Pacific Lamprey redds are seen in conjunction with which species of anadromous fish during spawning surveys?

Winter Steelhead.  Pacific Lamprey are also an anadromous species.  They return to freshwater streams between the months of July and September, and then spend October through March hiding under rocks.  Redd building takes place from April to July of the following year.  Pacific Lamprey create redds by digging shallow nests in sandy gravel using body movements and their suctorial disc to move and reposition rocks.  Pacific Lamprey redds are typically smaller than their fish counterparts and many winter steelhead spawning reports include notes on incidental lamprey sightings.

Lamprey Life Cycle  Academic Press Inc.

For additional information on Pacific Lamprey, see:

Oregon Lampreys: Natural History Status and Problem Analysis, a report by Kathryn Kostow, Oregon Department of Fish and Wildlife, January 24, 2002

plus, these other web sites:

http://www.dfw.state.or.us/ODFWhtml/InfoCntrFish/lamprey.pdf http://www.psmfc.org/habitat/edu_lamprey_fact.html

For lamprey photos, please visit our Fish Photos page.

What is a 2 year old returning spring chinook called, as opposed to a 3/4 year old jack or an adult?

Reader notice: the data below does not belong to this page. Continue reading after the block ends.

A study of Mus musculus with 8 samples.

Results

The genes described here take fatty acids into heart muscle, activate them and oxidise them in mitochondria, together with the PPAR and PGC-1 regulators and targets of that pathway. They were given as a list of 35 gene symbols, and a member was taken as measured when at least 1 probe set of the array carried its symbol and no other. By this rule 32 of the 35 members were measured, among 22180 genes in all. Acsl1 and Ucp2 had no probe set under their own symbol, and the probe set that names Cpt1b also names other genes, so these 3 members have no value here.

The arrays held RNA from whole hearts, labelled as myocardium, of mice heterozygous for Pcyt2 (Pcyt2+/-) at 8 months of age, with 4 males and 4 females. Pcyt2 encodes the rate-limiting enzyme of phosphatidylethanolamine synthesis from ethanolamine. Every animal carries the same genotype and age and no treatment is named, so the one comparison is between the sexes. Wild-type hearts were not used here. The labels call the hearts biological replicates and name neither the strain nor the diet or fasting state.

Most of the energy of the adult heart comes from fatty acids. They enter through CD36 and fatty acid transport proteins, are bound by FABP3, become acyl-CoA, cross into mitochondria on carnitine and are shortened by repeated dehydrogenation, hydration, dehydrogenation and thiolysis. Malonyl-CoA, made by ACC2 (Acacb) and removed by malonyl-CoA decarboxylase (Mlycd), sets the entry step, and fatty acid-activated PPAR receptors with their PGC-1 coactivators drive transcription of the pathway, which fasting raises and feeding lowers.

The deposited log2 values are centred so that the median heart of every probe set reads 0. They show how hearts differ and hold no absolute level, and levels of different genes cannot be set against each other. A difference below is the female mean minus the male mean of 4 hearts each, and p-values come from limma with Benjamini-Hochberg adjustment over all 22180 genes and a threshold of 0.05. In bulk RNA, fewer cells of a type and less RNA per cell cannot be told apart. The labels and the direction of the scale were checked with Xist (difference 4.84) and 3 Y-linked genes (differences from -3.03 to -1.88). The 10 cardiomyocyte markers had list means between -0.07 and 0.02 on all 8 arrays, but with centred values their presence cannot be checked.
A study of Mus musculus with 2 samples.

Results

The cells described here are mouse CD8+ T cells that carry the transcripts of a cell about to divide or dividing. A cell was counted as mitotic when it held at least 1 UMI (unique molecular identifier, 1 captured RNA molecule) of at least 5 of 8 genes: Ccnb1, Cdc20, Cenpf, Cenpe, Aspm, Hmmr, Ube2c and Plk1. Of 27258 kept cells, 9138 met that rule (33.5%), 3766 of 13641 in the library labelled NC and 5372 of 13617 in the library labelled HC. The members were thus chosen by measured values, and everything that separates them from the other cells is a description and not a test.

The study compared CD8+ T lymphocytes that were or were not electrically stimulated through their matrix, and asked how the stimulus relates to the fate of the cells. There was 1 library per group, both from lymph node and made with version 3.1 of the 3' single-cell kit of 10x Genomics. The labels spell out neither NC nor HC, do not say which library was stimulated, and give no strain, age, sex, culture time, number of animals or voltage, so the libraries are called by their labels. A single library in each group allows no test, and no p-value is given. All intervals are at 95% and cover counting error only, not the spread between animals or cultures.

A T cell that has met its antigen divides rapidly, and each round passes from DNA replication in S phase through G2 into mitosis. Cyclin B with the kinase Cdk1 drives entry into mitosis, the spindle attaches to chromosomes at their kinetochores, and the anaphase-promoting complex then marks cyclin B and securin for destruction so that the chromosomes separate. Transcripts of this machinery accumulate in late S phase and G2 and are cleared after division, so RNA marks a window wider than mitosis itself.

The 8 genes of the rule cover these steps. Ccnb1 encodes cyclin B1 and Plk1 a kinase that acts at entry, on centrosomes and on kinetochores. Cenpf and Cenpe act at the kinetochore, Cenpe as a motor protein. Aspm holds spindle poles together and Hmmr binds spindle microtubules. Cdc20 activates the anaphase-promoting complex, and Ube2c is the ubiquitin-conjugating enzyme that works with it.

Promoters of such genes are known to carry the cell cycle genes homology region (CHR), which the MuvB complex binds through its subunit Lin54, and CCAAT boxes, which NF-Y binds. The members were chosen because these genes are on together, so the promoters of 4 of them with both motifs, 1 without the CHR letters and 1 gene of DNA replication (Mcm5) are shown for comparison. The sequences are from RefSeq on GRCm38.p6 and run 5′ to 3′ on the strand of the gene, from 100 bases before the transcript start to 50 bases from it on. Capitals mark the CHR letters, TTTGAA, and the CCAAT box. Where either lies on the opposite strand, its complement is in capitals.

A mini-jack.

For additional information on Chinook Salmon, see:

Which dam reported more Sea-run Cutthroat in 1999, Powerdale Dam on the Hood River or Winchester Dam on the North Umpqua River?

Winchester Dam.  Winchester Dam collected 96 Sea-run Cutthroat between 4/31/99 and 3/31/00, while Powerdale Dam reported 0 Sea-run Cutthroat in 1999.  Powerdale Dam has not reported any Sea-run Cutthroat since 1992, when 5 were collected at this facility.

For additional information on Sea-run Cutthroat, see:

Which of these three rivers, Wilson, Trask, Or Nestucca River, reported the greatest number of Sea-run Cutthroat per survey mile during resting hole, snorkeling surveys in 2000?

The Trask River.  A total of 301 Sea-run cutthroat were seen in the 14 miles of survey area on the Trask River, for an average fish per mile count of 21.5.  The Nestucca River Sea-run count was 128 in a 15 mile survey area, averaging 9 fish per mile.  The Wilson River came in last with a total count of 61 within a 21 mile survey area, the average fish per mile count was 2.9.

This month's feature was written by: Shannon Hurn
These fish facts, as well as many others, can be found in ODFW's Trend database on the StreamNet web site.
The Lamprey facts can be found in the book, Freshwater Fishes of Canada. ed. W.B. Scott and E.J. Crossman.
The Lamprey Life Cycle diagram is shown courtesy of Academic Press Inc., and Prentice Hall.